Here is the hypothetical scenario: A major hurricane is barreling toward Boston, bringing floodwaters and destructive winds that threaten Logan International Airport. Is this vital New England transportation hub adequately prepared to deal with the immediate and prolonged effects of this natural disaster?
A group of 27 Northeastern graduate students looked to answer that question with a semester-long project investigating Logan’s infrastructure resilience. In February, the students presented their findings to officials at Massport, the public authority that owns Massachusetts’ three airports and the marine terminal in the Port of Boston. Jalal Mapar, director of the Resilient Systems Division at the Department of Homeland Security Science and Technology Directorate, also attended the meeting and met with the students following their presentations to provide some feedback and discuss his work.
The students’ innovative proposals included commissioning tourism duck boats to be used as amphibian vehicles for key personnel to get to Logan facilities inundated by a hurricane storm surge. The students also highlighted how new adaptations of network science and probabilistic risk assessment models could help Logan officials to better identify infrastructure vulnerabilities.
The graduate students researched and developed these projects in the fall as part of a new interdisciplinary course called “Critical Infrastructure Resilience,” which was co-taught by Stephen Flynn, a professor of political science and the founding co-director of Northeastern’s George J. Kostas Research Institute for Homeland Security, and Auroop Ganguly, an associate professor in the Department of Civil and Environmental Engineering, who directs the Sustainability and Data Sciences Laboratory at Northeastern. They were aided by teaching assistants Devashish Kumar and Evan Kodra, who are current and former doctoral students in Ganguly’s lab, respectively.
Flynn helped facilitate the partnership and has also fostered extensive relationships among the owners and operators of major infrastructure such as Massport, where he serves as a member of its Security Advisory Council.
Flynn and Ganguly credited the students for their hard work and for producing innovative ideas to address resilience. “Our students, Massport, and Professor Ganguly and I all came away from this class learning something new,” Flynn said.
“Massport recently looked at the resilience of its critical facilities at an asset-level and our students took a more system-level approach,” Ganguly added. “The idea is not necessarily if a specific bridge will collapse in the event of a major hurricane, but instead how to assure the maintenance of critical functionality such as mobility and communications and whether a quick recovery is possible.”
The students considered five resilience factors: cascading interdependencies across multiple infrastructure sectors; anticipatory engineering design; metrics and financial incentive structures; governance across jurisdictional or organizational barriers; and novel capabilities and applications. Engineering and public policy students worked together in groups and were assigned one of five lifelines: fuel, water, electricity, communications, or transportation.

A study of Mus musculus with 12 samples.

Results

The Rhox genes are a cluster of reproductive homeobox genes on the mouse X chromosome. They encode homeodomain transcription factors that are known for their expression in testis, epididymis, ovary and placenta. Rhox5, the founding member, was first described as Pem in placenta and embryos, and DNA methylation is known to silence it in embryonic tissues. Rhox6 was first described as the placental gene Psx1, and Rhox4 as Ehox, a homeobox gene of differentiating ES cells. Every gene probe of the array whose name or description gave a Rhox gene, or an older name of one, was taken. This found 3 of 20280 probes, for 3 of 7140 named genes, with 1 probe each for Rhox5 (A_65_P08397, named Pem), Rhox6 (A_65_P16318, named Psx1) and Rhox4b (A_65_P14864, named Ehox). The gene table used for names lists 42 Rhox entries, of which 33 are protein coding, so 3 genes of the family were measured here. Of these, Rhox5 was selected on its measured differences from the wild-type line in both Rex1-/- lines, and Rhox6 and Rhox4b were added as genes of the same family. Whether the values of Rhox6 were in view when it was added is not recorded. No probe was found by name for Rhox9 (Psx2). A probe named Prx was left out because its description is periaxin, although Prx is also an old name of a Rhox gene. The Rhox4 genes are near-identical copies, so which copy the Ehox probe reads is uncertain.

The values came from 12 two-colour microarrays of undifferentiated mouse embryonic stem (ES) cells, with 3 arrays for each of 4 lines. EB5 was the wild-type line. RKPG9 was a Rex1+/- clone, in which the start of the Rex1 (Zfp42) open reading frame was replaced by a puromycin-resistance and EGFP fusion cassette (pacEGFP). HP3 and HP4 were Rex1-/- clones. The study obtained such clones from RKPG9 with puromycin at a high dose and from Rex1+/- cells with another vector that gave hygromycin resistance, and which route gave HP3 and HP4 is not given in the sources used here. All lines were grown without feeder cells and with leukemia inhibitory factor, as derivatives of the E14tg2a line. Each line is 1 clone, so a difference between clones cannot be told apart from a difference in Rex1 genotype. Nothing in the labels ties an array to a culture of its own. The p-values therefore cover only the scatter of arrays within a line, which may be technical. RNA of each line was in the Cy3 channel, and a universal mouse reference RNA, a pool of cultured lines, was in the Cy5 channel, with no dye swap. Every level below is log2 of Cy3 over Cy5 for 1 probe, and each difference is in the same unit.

Three of the groups—transportation, electricity, and a moderator group—presented to Massport senior managers in December, when the course was winding down. Those students did such an impressive job that the officials asked to see all the students’ projects.
“What we were hoping to present was a bigger picture scenario,” said Charles Simpson, SSH’14/MS’16, who was part of the fuel group. “We went beyond just Massport and were able to look at the providers of the fuel sources and what vulnerabilities they may have.”
Students in the College of Engineering and the College of Social Sciences and Humanities were enrolled in the course. Simpson noted the importance of taking an interdisciplinary approach to examining resilience by bringing together the perspectives of both engineering and public policy students. “Public policy students would focus more on the ‘why’ of an idea, while engineering students would focus on fixing a specific problem,” he explained.
While the course materials were all available online, the class discussions were animated by role-playing negotiations, or war games, motivated by Ganguly’s Dialogue of Civilizations program on climate change and its impacts on infrastructures and policy. Presentations by Massport officials and their contractor Kleinfelder helped infuse realism into the negotiations.
The students’ projects also build on the Kostas Institute’s mission to expand the capacity of communities, critical systems, and infrastructure to withstand, respond to, and recover from manmade and natural catastrophes. Security is a pillar of Northeastern’s use-inspired research model, along with health and sustainability.